Boris Johnson will take office on Wednesday as British Prime Minister and will unveil the names of the team he has tasked with delivering Brexit by the end of October, with or without a deal.
Johnson enters Downing Street at one of the most perilous junctures in post-World War British history.
The United Kingdom is divided over Brexit and weakened by a three-year political crisis since the Brexit referendum.
His pledge to energise the country and deliver Brexit – do or die – on Oct. 31, sets the UK up for a showdown with the EU and thrusts it toward a potential constitutional crisis, or election, at home.
“Like some slumbering giant, we are going to rise and ping off the guy-ropes of self-doubt and negativity,’’ Johnson, 55, said on Tuesday after he was elected by Conservative Party members.
“We are going to energise the country.
“We are going to get Brexit done on Oct. 31 and we are going to take advantage of all the opportunities it will bring in a new spirit of can do.’’
Wednesday will combine arcane British political choreography with the realpolitik of appointing a new government.
Prime Minister Theresa May will leave Downing Street after a three-year premiership that was mired by crises over Brexit.
She will travel to Buckingham Palace to formally tender her resignation to Queen Elizabeth.
Johnson will then have an audience with the queen, who will request he form an administration.
His formal title will be “Prime Minister and First Lord of the Treasury.’’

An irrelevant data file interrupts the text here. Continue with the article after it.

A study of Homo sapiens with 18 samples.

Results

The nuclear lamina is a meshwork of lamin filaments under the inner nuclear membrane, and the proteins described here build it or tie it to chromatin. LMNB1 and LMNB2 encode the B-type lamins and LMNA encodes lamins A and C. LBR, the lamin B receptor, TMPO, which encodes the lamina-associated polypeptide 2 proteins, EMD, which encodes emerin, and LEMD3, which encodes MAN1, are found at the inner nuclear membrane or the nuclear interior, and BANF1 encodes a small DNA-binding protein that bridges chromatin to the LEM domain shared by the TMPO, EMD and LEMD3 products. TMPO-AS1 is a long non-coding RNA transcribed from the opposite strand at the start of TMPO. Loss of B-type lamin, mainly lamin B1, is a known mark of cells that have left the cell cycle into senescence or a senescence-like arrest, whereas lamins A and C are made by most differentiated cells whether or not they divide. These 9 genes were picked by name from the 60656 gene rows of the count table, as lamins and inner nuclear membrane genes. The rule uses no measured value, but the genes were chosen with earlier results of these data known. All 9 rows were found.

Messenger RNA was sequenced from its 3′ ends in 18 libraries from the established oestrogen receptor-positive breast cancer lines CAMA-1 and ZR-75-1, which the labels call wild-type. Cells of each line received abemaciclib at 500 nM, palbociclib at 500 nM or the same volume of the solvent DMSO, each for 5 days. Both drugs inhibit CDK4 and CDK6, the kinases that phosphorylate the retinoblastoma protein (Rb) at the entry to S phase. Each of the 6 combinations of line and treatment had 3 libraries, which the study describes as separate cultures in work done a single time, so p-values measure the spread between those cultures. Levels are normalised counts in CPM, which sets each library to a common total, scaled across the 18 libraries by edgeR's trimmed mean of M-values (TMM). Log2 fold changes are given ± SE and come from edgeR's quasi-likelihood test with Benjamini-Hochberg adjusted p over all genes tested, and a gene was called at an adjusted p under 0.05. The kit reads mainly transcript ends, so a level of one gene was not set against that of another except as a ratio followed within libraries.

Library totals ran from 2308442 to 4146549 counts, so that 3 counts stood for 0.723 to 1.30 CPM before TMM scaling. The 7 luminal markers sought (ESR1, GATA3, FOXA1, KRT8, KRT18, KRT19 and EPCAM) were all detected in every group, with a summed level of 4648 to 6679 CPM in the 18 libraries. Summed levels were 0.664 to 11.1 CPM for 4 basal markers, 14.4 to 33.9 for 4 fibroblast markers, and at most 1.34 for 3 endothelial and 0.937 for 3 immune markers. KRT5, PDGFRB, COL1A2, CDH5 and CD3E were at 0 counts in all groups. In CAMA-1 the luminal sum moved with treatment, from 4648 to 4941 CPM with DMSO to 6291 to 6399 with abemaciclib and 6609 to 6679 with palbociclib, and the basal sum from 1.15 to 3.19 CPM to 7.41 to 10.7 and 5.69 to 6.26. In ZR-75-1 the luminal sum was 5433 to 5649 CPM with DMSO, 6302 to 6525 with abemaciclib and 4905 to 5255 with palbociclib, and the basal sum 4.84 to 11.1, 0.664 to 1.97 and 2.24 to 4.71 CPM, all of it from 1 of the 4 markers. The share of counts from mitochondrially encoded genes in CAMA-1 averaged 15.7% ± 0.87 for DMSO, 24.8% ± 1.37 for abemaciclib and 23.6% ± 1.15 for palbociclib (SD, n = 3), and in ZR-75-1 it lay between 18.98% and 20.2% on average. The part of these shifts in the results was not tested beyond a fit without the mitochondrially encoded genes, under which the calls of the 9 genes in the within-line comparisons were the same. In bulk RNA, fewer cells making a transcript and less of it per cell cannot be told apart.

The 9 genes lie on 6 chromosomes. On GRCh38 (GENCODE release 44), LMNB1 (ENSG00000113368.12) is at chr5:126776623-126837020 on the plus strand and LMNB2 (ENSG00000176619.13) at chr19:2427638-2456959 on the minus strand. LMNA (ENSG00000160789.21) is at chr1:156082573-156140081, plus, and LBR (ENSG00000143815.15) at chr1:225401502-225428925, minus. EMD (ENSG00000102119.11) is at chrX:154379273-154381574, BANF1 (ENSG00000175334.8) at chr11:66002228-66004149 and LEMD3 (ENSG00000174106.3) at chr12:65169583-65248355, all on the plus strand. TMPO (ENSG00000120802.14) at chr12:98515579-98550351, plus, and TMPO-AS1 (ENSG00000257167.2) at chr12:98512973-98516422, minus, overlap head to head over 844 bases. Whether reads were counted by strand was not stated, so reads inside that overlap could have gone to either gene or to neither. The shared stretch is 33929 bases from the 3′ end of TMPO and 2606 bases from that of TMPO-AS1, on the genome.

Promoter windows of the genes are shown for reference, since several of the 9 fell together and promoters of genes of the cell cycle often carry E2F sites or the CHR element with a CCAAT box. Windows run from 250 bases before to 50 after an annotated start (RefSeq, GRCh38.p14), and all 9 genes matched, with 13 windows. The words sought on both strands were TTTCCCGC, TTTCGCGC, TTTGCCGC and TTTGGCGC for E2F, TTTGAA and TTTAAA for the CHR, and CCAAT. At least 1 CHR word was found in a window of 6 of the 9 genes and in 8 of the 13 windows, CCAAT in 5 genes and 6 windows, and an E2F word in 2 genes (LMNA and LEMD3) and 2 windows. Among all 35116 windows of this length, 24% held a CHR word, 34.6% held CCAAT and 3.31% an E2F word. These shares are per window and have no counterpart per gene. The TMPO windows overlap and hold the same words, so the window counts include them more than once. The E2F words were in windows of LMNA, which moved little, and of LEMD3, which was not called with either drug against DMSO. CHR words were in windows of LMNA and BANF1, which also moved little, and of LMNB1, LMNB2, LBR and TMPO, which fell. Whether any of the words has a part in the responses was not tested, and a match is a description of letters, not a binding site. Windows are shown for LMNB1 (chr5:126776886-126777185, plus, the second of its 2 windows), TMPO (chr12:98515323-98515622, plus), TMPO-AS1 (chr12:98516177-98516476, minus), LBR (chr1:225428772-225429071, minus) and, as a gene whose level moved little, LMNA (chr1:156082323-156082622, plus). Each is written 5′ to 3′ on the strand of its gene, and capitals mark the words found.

He will enter Downing Street in the afternoon and is expected to give a speech before appointing key members of the government – names that could give a hint of how he will handle Brexit, Britain’s most significant decision in decades.
“Boris will build a cabinet showcasing all the talents within the party that truly reflect modern Britain,’’ a source close to Johnson said.
Johnson has pledged to negotiate a new Brexit deal with the EU before Oct. 31 but if the bloc refuses, he has promised to leave without a deal on Halloween.
That, many investors warn, would send shock waves through the world economy and tip the world’s fifth-largest economy into recession or even chaos.
Brexit without a divorce deal would roil financial markets and, some bankers warn, weaken London’s position as the pre-eminent international financial centre.
Brexit supporters say those fears are overblown and the UK will thrive if cut loose from the European project, which they cast as a German-dominated bloc that is falling far behind its global competitors such as the U.S. and China.
“If he really wants a no-deal, he will get it.
“We will never push an EU member out but we can’t stop him, more likely, his own parliament would,’’ one EU diplomat said.
“Johnson has been such a chameleon, he has reinvented himself so many times that it is hard to know what to expect really,’’ the diplomat said.
Another diplomatic source had an ominous warning: “my scenario is purgatory’’.